LONDON (BLOOMBERG) - Cyprus said it will let in Britons who have had two Covid-19 jabs from May, opening the door to a wave of elderly UK holidaymakers as it targets an early return in the tourist traffic on which its economy relies.
The island nation in the eastern Mediterranean said on Friday (March 5) it will admit qualifying visitors from May 1, though the British government is not due to lift a ban on leisure travel until May 17 at the earliest.
The move spotlights the European Union's struggle to forge a common approach on Covid-19 immunity certificates. With work on a digital platform set to take three or four months, tourist-dependent countries are beginning to break ranks and forge bilateral arrangements.
The Portuguese island of Madeira said in February it would let in inoculated visitors, while the Greek government has said it expects to make an announcement in the coming weeks.
"This is a very important development," Mr Savvas Perdios, Cyprus's tourism minister, told the state news agency, adding that the step should create "the necessary stability and a sense of security for travellers so they could plan their holiday in the coming summer".
Under the arrangement, which follows a Cypriot deal with Israel last month, visiting Brits must have had a second dose of a European Medicines Agency-approved vaccine at least seven days before travelling.
Britain remains well ahead of the rest of Europe, with more than 20 million people having had at least one vaccine dose. Older citizens are being prioritised, meaning elderly guests are set to dominate early bookings.
Cyprus will require no negative Covid-19 test and there will be no quarantine, though sample testing could be carried out and people must comply with health protocols such as mask wearing and social distancing. Actual entry dates will be subject to travel advice issued by the British government, Mr Perdios said.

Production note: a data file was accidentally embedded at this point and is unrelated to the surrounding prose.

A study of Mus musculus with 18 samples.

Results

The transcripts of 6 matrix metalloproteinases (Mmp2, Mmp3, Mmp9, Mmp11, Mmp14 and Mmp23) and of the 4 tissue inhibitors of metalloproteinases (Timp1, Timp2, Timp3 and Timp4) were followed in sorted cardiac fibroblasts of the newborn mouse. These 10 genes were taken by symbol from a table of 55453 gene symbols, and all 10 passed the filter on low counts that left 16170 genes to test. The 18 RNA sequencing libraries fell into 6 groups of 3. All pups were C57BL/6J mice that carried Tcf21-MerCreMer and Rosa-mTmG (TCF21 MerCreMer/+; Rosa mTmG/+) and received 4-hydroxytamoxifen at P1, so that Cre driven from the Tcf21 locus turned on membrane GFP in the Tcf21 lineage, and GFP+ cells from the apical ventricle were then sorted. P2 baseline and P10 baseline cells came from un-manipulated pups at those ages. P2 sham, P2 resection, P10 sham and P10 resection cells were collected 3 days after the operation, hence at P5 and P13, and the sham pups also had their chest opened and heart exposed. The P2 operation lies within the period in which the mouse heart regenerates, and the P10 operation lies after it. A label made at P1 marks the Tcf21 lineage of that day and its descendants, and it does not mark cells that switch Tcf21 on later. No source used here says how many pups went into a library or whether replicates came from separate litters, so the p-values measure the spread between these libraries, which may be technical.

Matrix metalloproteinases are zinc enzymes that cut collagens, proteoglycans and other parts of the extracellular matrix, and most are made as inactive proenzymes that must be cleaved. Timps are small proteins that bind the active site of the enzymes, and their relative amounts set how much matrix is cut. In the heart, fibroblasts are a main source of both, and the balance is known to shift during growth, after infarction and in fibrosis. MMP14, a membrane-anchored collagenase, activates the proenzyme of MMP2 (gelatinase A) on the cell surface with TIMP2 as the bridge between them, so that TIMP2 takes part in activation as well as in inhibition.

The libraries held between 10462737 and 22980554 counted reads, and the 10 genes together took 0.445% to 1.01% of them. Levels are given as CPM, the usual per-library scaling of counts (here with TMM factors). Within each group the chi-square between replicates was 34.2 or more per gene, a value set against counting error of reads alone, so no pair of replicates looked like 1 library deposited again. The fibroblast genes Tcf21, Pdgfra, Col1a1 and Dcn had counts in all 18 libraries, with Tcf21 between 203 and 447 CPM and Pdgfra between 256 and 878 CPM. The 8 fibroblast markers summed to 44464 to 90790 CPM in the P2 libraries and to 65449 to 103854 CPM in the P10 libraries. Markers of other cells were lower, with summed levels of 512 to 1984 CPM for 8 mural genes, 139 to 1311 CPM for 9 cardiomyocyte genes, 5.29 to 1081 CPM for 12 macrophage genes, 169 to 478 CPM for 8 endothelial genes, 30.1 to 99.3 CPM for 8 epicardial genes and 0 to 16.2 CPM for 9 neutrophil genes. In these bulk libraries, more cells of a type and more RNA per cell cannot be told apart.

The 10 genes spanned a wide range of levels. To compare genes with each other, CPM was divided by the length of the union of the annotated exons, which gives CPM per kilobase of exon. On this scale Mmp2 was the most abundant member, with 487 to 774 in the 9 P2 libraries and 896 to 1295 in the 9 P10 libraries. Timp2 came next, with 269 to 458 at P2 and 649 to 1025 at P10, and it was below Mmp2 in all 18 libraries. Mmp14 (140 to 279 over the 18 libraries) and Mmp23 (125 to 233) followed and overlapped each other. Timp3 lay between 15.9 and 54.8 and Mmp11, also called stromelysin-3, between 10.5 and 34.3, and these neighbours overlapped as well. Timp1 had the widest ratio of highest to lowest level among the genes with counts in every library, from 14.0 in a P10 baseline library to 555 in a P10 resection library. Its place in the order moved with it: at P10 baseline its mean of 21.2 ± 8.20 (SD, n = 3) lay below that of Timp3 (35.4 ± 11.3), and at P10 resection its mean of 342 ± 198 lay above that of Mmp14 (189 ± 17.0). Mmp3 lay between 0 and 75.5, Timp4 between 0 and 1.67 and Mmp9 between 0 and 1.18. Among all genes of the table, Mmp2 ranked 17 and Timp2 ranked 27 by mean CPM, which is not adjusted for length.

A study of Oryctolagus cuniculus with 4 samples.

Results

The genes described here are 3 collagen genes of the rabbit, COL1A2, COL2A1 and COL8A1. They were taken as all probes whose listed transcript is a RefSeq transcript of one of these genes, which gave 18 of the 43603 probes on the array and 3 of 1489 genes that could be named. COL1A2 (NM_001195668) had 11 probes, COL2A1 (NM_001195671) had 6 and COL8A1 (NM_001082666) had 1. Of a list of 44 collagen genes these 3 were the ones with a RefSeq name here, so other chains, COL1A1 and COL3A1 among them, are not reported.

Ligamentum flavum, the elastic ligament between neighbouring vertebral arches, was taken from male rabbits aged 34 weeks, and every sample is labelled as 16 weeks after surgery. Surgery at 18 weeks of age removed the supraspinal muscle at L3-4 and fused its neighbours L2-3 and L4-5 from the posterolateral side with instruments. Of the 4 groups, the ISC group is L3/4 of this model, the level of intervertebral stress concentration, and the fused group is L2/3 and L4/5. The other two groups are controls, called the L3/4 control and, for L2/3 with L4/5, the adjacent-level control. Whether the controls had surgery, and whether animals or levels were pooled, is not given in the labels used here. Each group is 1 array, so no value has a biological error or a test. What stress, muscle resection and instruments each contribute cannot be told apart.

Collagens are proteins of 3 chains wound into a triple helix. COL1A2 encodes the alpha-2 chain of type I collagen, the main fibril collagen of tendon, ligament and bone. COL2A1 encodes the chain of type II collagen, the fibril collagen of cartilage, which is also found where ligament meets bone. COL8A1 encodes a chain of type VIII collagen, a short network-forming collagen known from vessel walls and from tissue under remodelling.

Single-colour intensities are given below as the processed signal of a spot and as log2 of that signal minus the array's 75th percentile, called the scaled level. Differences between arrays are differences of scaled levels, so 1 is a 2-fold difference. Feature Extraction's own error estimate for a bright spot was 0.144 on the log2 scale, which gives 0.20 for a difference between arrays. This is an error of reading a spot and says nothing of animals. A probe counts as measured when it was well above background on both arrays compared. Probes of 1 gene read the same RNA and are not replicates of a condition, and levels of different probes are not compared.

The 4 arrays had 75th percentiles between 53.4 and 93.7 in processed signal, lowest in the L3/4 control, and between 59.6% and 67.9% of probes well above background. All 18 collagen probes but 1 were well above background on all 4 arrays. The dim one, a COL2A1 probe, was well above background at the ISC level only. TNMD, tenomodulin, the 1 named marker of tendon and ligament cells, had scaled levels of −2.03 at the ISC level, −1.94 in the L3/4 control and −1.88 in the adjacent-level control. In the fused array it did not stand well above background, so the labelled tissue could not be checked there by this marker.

Autonomous authorities on Madeira have said the island will now admit tourists who can produce an official vaccination certificate or proof that they have recovered from Covid-19 in the past 90 days.
Visits by vaccinated Brits may be complicated, however, since Portugal is on a "red list" of locations from which people arriving in Britain must quarantine for 10 days in a hotel.
The measure was imposed amid concern that the more virulent strain of Covid-19 first found in Brazil could spread via Portugal.
Greece is, meanwhile, working on a bilateral deal with Britain after reaching an agreement with Israel, Prime Minister Kyriakos Mitsotakis told Bloomberg TV last month.
While summer plans may firm up in coming weeks, the premier said it would be preferable to coordinate at a European level.
Talks are also under way with the US and Russia, according to tourism Minister Harry Theoharis.
The Covid-passport system being developed by the European Commission would confirm holders have tested negative, been vaccinated, or recovered from the virus.
While tourism-dependent economies like Greece want a rapid introduction, France and Belgium have resisted, citing concerns over privacy and fairness.